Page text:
Kanye West, Unplugged
"George Bush doesn't care about black people," hip-hop artist and producer Kanye West declared in an unscripted outburst during a live benefit concert for Hurricane Katrina relief broadcast on NBC last Friday.
West's emotional break from the remarks prepared for him really caused a stir. Sharing the stage with actor Mike Myers, West articulated the seething anger that exists within the African-American community not just over the slow response of President Bush and the federal government to the crisis in the Gulf but also the media portrayal of the poor African-Americans trapped in the midst of it.
"I hate the way they portray us in the media. If you see a black family, it says they're looting. See a white family, it says they're looking for food," said West. He didn't stop there. He also linked the ongoing war in Iraq to the shoot-on-sight orders given to the National Guard troops with regard to the looters. "We already realized a lot of the people who could help are at war right now, fighting another way, and they've given them permission to go down and shoot us."
By the time West got around to taking a personal swipe at Bush, the network had abruptly cut away to the apparently dumbstruck Chris Tucker. Later, NBC released this statement, essentially condemning West for failing to stick to the script: "It would be unfortunate if the efforts of the artists who participated tonight and the generosity of millions of Americans who are helping those in need are overshadowed by one person's opinion."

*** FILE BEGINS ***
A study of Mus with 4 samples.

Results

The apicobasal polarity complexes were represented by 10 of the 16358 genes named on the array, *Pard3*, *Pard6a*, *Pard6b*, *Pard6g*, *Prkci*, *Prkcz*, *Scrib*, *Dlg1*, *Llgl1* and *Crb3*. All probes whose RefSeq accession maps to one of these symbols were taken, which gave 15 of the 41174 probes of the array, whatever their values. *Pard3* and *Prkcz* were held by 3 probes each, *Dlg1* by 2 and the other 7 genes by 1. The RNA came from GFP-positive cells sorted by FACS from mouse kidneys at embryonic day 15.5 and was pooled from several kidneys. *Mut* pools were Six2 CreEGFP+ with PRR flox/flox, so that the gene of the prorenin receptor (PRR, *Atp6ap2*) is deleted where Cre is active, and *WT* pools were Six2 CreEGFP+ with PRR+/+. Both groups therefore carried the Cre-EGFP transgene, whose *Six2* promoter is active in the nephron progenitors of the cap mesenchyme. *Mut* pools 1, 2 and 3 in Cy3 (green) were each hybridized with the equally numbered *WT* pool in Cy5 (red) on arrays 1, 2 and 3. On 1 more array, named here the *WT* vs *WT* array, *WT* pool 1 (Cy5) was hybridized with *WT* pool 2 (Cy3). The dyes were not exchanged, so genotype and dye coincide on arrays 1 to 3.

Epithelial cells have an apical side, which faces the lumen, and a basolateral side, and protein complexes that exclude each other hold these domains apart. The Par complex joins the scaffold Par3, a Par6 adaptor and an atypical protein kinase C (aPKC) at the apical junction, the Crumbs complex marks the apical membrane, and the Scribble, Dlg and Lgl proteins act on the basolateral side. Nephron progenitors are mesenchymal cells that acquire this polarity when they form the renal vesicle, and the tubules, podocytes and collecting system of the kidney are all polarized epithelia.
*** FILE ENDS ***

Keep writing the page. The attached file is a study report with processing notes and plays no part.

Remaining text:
West has been a mercurial presence on the music scene for nearly five years, and his persona has always been full of contradictions. His new album, Late Registration, includes a song about the inadequacy of the healthcare system ("Roses") and another about the deplorable diamond trade in Africa ("Diamonds From Sierra Leone"). Yet it also contains sexist lyrics ("Gold Digger") and shameless self-aggrandizement (nearly every song). Yet on the other hand West has also begun speaking out against the routine use of homophobic slurs in rap lyrics. His turnaround on that issue was the result of a cousin outing himself.
It's difficult to know how to assess the impact of a thoroughly dubious character such as Kanye West voicing harsh but truthful statements about war, disaster and media bias. The hip-hop music genre has been rightfully criticized for glorifying violence, misogyny and hedonism. Yet here is an artist who, while by no means a political leader or a role model, can still reach a very large and impressionable audience. West's remarks on race, homophobia and more will certainly draw media attention to the debates over those issues.
To vent his anger on a network fundraiser was probably not the best career move for West, but still, it's refreshing to see an African-American entertainer be so candid. There are those who've been calling West a "hero" since the NBC show, while some in the blogosphere have decried his statement as "a disgusting display." Regardless of how one may feel about West, it's a good thing that someone so visible in the public eye isn't afraid to cut to the core of an event that has truly highlighted inequalities in our country and incompetence in the White House.